The company, which is based in Britain but has an office in central Dublin, confirmed yesterday that the 14,000 women in Britain who had undergone the implant procedure would not get free replacements.
On the 878 women here who had the PIP implants inserted by the Harley Medical Group, those with a “concerned rupture” and who have had the implants since January 2010 can have them removed free of charge.
However, anyone else who dealt with the Harley Medical Group here who wants to have them removed will likely pay in the region of €1,800 and above. That is despite the chief medical officer in Ireland, Tony Holohan, calling on private hospitals to be willing to remove the PIP implants if such action was recommended. British Health Secretary Andrew Lansley said he believed private clinics had a moral duty to look after their patients.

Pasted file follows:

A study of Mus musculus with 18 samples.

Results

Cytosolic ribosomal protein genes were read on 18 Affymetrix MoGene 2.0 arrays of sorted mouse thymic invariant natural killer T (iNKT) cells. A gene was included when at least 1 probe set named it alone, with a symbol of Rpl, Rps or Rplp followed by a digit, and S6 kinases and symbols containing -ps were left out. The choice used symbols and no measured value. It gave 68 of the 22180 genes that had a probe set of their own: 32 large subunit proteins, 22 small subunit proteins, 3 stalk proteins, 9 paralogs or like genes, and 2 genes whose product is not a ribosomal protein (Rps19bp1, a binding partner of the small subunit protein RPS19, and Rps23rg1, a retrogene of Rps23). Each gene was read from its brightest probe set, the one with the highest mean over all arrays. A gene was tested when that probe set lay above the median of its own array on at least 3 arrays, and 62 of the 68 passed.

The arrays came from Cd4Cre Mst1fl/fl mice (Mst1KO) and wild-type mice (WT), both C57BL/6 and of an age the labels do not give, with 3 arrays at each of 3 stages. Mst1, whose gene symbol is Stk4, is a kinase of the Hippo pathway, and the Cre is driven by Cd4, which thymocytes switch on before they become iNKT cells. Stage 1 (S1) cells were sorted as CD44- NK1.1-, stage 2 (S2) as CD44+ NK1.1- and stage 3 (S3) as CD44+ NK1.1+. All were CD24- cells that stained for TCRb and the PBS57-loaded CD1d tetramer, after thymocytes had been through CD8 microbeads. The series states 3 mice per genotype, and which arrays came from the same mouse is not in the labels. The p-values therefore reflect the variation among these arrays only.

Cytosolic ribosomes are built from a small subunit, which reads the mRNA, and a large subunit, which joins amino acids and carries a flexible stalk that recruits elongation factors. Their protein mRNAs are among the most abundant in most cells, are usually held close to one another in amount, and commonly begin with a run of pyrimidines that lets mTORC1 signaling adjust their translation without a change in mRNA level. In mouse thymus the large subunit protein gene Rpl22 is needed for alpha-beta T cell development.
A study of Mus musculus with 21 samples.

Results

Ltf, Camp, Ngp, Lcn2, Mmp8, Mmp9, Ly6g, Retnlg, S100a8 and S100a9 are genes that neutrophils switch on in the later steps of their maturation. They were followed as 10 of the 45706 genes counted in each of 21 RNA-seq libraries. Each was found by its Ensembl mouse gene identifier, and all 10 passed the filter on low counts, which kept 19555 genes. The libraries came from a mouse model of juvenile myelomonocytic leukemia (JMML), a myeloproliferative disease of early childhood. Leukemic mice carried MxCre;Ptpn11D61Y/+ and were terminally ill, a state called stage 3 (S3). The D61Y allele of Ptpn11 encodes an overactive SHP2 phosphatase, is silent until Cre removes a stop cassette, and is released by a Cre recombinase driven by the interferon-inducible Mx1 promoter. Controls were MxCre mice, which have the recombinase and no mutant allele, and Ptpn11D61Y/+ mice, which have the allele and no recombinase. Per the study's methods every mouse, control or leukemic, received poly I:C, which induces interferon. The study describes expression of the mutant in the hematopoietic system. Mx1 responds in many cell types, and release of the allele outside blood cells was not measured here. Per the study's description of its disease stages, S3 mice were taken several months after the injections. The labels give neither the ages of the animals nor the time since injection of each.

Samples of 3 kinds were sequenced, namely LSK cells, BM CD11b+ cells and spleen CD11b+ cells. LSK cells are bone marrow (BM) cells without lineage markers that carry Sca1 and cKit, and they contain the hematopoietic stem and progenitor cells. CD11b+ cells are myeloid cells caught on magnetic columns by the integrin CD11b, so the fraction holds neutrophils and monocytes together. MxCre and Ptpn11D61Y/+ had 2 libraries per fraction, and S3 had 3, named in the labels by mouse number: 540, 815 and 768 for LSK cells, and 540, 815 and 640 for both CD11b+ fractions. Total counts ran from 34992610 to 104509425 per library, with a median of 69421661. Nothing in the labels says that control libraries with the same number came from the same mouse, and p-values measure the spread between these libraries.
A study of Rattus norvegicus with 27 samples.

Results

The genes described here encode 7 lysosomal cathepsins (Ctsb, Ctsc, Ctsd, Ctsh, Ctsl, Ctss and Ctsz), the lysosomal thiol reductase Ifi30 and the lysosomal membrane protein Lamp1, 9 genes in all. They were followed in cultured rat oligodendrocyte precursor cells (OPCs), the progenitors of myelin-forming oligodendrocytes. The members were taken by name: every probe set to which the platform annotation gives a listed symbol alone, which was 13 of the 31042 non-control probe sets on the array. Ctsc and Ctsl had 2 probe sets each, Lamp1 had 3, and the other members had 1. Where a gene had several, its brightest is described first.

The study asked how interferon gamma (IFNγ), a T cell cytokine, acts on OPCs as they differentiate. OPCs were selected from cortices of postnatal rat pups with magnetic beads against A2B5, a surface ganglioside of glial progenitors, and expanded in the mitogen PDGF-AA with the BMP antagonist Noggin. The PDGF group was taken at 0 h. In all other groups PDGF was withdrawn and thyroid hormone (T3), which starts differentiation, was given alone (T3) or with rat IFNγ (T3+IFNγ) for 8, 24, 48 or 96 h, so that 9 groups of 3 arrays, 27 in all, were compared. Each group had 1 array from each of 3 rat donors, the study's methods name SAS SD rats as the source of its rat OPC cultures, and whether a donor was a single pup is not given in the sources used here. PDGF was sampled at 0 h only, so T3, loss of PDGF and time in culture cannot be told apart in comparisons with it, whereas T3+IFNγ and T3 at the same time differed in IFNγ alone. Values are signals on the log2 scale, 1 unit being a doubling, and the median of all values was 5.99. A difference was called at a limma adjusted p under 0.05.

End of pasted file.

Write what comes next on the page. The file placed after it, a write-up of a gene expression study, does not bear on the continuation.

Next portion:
The implants were manufactured by the French company Poly Implant Prostheses, which has now closed.
Last month, serious concerns emerged over possible leaking with the implants, although no cancer link has been established.
The Irish Medicines Board (IMB) claimed the Harley Medical Group misinformed them on two separate occasions concerning the recent breast implants scare, essentially informing the IMB that direct specific patient contact had been made when, instead, letters were never sent and communication to patients was via the group’s website. The IMB said letters were due to be sent this week.
French authorities swiftly moved to assure women affected by the PIP implants they would be able to undergo corrective action free of charge, but that policy has not been pursued here.
However, Mr Holohan has said that while there is no need for routine removal of implants, any woman who is concerned should contact her GP or the surgeon who carried out the procedure.